Playing on Hard Mode: Being Black at UBC

It's no secret that I love video games, but I don’t think video games love me back.

When I was growing up the characters in games were never Black. There weren’t many video games designed for people like me. I couldn't even make my avatar look like me, the actors in the adverts were white.

Not only is there also a lack of Black representation inside video games, but the same can be said by those who make the games. Most of the developers do not represent their player base... maybe that’s why they don’t think of adding darker-skinned characters.

In terms of Esports, or competitive video games, it’s the similar story where casters, analysts, tournament organizers and team owners are mostly white and Asian. In fact, as a Black man, there are few professional players to even look up to. (Thank God for Aphromoo). And while there have certainly been improvements, it clearly hasn't been enough.

This lack of representation has lingered during my time at UBC where being of African descent means you are a minority. Being Black at UBC means you probably don’t have a professor that looks like you and you won’t be sitting next to someone who looks like you. Most importantly, you naturally stand out. But not in a good way.

Despite having many discouraging inherent factors, I went out of my way to host hundreds of tournaments for games that weren’t for me, for students that didn’t look like me either. I hosted these tournaments because despite my difference , I truly loved games and competing. I wanted to share this love with the rest of UBC. My professional disposition and constant grind eventually led me to become the president of the UBC Esports Association, one of the larger clubs on campus.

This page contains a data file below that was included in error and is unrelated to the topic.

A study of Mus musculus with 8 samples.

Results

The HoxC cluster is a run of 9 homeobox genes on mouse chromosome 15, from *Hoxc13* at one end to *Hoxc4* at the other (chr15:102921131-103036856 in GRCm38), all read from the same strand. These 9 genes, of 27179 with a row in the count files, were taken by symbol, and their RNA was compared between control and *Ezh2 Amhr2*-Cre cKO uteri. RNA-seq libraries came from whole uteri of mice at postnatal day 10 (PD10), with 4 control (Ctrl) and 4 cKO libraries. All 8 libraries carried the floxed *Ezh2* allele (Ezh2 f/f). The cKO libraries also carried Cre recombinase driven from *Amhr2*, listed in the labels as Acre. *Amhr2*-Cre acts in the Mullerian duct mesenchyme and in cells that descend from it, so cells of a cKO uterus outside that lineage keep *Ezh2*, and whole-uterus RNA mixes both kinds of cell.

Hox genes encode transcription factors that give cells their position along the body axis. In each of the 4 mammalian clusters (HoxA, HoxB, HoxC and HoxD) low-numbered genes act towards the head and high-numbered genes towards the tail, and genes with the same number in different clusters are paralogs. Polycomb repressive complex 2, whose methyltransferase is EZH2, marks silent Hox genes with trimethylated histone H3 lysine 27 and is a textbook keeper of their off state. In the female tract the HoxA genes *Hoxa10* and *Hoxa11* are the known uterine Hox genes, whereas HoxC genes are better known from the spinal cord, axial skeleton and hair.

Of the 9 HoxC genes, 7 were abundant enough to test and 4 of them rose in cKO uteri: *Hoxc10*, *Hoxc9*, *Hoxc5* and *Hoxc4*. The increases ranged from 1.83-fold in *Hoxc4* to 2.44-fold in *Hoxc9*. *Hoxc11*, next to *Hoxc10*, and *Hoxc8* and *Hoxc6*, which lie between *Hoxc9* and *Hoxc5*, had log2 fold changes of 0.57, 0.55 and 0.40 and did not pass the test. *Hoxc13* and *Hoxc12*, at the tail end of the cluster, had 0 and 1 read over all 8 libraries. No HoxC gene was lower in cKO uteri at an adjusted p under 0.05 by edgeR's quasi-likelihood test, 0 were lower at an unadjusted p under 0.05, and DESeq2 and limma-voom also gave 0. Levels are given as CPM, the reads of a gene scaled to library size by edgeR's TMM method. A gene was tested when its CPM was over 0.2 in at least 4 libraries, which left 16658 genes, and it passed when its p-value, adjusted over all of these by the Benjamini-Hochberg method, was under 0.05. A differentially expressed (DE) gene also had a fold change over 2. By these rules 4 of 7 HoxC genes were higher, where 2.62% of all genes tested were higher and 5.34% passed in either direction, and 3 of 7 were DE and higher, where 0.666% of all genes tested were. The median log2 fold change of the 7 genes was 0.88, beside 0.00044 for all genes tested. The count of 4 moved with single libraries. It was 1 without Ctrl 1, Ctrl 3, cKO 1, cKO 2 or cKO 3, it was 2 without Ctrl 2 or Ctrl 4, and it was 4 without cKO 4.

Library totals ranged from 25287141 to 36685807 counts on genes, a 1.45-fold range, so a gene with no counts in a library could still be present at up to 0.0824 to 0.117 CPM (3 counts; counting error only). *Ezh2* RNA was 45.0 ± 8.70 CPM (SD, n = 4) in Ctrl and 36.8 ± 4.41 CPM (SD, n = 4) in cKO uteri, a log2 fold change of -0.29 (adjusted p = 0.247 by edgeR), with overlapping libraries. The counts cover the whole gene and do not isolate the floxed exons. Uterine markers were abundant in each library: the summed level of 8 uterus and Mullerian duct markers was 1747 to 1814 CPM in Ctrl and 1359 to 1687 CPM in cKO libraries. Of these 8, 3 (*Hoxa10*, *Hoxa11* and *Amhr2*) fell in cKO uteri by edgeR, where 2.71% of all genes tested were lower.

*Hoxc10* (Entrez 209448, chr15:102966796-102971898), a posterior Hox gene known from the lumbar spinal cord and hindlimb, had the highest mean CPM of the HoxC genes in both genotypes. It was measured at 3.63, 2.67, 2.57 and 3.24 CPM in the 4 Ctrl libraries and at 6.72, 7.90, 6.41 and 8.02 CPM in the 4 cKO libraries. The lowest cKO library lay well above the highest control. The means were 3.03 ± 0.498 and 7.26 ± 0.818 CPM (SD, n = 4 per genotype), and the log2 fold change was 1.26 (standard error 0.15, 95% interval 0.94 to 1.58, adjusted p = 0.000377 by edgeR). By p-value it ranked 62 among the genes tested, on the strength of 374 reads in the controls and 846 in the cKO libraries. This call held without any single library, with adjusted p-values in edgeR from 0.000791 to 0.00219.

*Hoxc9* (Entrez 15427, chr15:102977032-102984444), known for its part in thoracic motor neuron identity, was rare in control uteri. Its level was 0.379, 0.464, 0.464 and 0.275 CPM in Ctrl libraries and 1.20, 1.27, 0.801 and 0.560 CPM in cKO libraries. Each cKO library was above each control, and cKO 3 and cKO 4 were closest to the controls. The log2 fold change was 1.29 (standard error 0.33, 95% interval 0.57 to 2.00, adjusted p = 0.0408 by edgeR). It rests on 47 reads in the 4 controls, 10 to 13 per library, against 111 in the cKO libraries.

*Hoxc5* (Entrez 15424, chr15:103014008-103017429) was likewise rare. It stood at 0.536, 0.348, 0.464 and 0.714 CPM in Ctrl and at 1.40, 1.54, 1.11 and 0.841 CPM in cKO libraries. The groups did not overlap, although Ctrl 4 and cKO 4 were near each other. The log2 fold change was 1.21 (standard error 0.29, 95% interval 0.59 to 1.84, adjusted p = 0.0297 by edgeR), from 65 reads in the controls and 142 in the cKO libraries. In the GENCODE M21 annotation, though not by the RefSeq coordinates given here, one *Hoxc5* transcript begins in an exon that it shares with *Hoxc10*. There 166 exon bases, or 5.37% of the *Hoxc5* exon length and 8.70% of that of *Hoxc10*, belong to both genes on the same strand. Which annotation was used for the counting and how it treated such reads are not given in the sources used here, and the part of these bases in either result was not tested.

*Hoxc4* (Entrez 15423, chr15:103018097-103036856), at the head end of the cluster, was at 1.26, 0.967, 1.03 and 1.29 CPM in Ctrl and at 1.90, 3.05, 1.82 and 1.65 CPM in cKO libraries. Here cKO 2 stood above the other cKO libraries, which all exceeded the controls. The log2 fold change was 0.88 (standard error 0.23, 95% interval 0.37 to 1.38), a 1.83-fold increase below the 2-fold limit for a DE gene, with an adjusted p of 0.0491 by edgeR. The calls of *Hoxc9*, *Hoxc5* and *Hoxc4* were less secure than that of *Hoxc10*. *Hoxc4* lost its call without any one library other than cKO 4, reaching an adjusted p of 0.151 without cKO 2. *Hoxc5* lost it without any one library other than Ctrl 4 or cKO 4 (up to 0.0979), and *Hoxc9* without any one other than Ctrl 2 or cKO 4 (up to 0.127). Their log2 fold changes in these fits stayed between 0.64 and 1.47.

The challenges of being in such an under-representative space was accentuated as soon as I became a leader. I had to watch myself for simple things like not losing my cool and never raising my voice in high-stress situations. We unfortunately know that’s enough to cause things to escalate very quickly. I had to make sure the club had a squeaky clean image, and I couldn’t accept failure because when you stand out like a sore thumb, mistakes don’t go unnoticed in the gaming industry. I knew that I wasn’t just representing an AMS club, I was also carrying the weight of my race.

I vividly recall one of my VPs telling me to not worry, saying ‘You don’t have to take the club work so personally Arnaud!’

But I don’t think they ever understood the pressure builds up over time. You can’t take a break from being Black. This is why I surround myself with support in the UBC Black Student Union, the BC Super Smash Bros Community and the many allies that have made me feel that I was more than just a colour.

These people have been essential to me because I feel like I’m playing a game on a higher difficulty. I’m not asking you to pity me for being at a disadvantage, I’m not asking you to admire me either for overcoming it. I’m asking you to not make the game any harder than it currently is and help me make the game balanced.